NewsLocal NewsButler County

Actions

Butler County sheriff seeks increased penalties for drug dealers who sell to pregnant women

Rep.: Bill could be presented by September
Middletown joins Butler County's drug task force
Posted at 12:42 PM, Jun 28, 2019
and last updated 2019-06-28 20:16:43-04

The Butler County Sheriff will work with lawmakers to draft legislation that would increase penalties for people who sell drugs to pregnant women.

Sheriff Richard Jones and Rep. George Lang said in a Friday news conference that they will work with the Ohio Prosecuting Attorneys Association to propose a “substantial increase in the penalty” for people who knowingly sell drugs to pregnant women.

The announcement comes after two women gave birth in less than two weeks in the Butler County Jail. Jones said both babies were born about 10 weeks premature. The babies are in a local hospital and “they look healthy,” he said.

“When these drug dealers, who usually aren’t drug users, sell women that are pregnant drugs or give them drugs, it’s the equivalent … of sticking a needle in the mother’s stomach and sticking it in the baby’s arm before it’s born,” Jones said.

About 80% of women who are incarcerated in Butler County have substance use disorders, according to Jones. Jones said there are currently five women in the jail who are pregnant.

Jones said judges put pregnant women with substance use disorders in jail to try to save the baby’s life.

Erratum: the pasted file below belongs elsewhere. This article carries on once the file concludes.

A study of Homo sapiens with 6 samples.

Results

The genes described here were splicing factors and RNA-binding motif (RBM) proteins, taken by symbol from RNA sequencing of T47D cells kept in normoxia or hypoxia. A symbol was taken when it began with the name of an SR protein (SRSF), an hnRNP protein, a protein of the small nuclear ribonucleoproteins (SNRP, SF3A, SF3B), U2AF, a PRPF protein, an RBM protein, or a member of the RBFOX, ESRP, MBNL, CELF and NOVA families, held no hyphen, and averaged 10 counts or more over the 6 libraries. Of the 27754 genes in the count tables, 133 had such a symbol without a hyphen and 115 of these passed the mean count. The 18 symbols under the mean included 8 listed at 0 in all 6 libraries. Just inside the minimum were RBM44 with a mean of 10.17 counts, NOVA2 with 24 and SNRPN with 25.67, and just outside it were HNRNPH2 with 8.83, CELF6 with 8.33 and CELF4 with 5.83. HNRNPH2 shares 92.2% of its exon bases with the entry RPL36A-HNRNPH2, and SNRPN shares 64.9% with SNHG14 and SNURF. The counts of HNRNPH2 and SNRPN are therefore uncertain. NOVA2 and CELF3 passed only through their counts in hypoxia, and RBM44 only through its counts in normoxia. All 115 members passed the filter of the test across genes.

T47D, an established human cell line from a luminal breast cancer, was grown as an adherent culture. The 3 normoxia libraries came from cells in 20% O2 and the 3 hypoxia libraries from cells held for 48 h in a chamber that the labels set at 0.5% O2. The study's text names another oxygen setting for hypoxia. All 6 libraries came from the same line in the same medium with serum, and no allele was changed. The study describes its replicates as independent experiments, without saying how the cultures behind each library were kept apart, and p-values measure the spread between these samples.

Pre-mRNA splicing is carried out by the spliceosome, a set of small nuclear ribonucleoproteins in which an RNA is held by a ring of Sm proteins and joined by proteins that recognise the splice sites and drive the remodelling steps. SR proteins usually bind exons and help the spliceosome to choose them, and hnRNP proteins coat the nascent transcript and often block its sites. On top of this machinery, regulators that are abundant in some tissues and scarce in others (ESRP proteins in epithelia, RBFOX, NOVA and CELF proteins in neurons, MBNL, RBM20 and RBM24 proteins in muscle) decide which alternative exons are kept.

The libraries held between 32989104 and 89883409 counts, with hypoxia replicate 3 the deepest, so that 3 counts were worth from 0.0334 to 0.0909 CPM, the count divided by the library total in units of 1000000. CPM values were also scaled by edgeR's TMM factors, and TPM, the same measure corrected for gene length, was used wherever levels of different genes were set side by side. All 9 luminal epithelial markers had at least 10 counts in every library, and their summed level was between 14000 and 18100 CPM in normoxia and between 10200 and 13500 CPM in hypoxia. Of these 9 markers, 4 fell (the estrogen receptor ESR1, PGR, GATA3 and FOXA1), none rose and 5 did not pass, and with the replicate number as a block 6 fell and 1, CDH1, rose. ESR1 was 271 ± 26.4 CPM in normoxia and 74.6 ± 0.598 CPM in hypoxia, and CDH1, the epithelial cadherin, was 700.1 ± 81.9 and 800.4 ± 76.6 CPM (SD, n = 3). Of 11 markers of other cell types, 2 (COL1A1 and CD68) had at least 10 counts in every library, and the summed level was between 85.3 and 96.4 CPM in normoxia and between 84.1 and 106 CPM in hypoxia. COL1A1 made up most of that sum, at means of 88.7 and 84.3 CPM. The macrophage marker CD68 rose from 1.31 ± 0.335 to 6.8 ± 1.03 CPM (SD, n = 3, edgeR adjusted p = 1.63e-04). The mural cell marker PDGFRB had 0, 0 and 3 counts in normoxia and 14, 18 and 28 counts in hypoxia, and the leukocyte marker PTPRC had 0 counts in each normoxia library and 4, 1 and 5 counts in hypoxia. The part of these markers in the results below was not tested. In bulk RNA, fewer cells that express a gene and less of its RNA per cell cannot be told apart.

He said he agrees with what the judges are doing, he “just wishes there was another place to have these women that are very, very pregnant.”

“If they put them out in a community setting, or they put them out on probation or parole … they’re drug addicts, and they’re going to get the drugs in,” Jones said. “The babies will not live.”

The goal of the legislation, Jones said, is to save the life of the baby and the mother.

“We need this to where it’s a serious penalty, not like 20 days more in jail, it needs to be more years in the penitentiary,” Jones said.

Lang said he could have something drafted in four to six weeks, and a bill could be ready to be presented in September.

However, perspectives vary on whether or not holding pregnant women in jail until they give birth is the right way to handle the situation.

When reached for comment, Sasha Naiman, deputy director and attorney at the Ohio Justice and Policy Center, said it is important to treat addiction as a medical issue, stating "incarcering more peopel for longer periods of time does not help a pregnant, substance-addicted woman."

"Addiction is a medical, chronic and relapsing disease...medical and public health experts agree that addiction is an issue of health, not criminality," said Naiman. "We cannot incarcerate our way out of it. Rather than focusing on people who sell alcohol, tobacco, prescription drugs, illicit drugs or other substances to pregnant women -- potentially endangering the pregnancy or oimpacting the child after birth -- we need to focus on mothers and babies by ensuring pathways to health, safety, treatment, recovery and empowerment."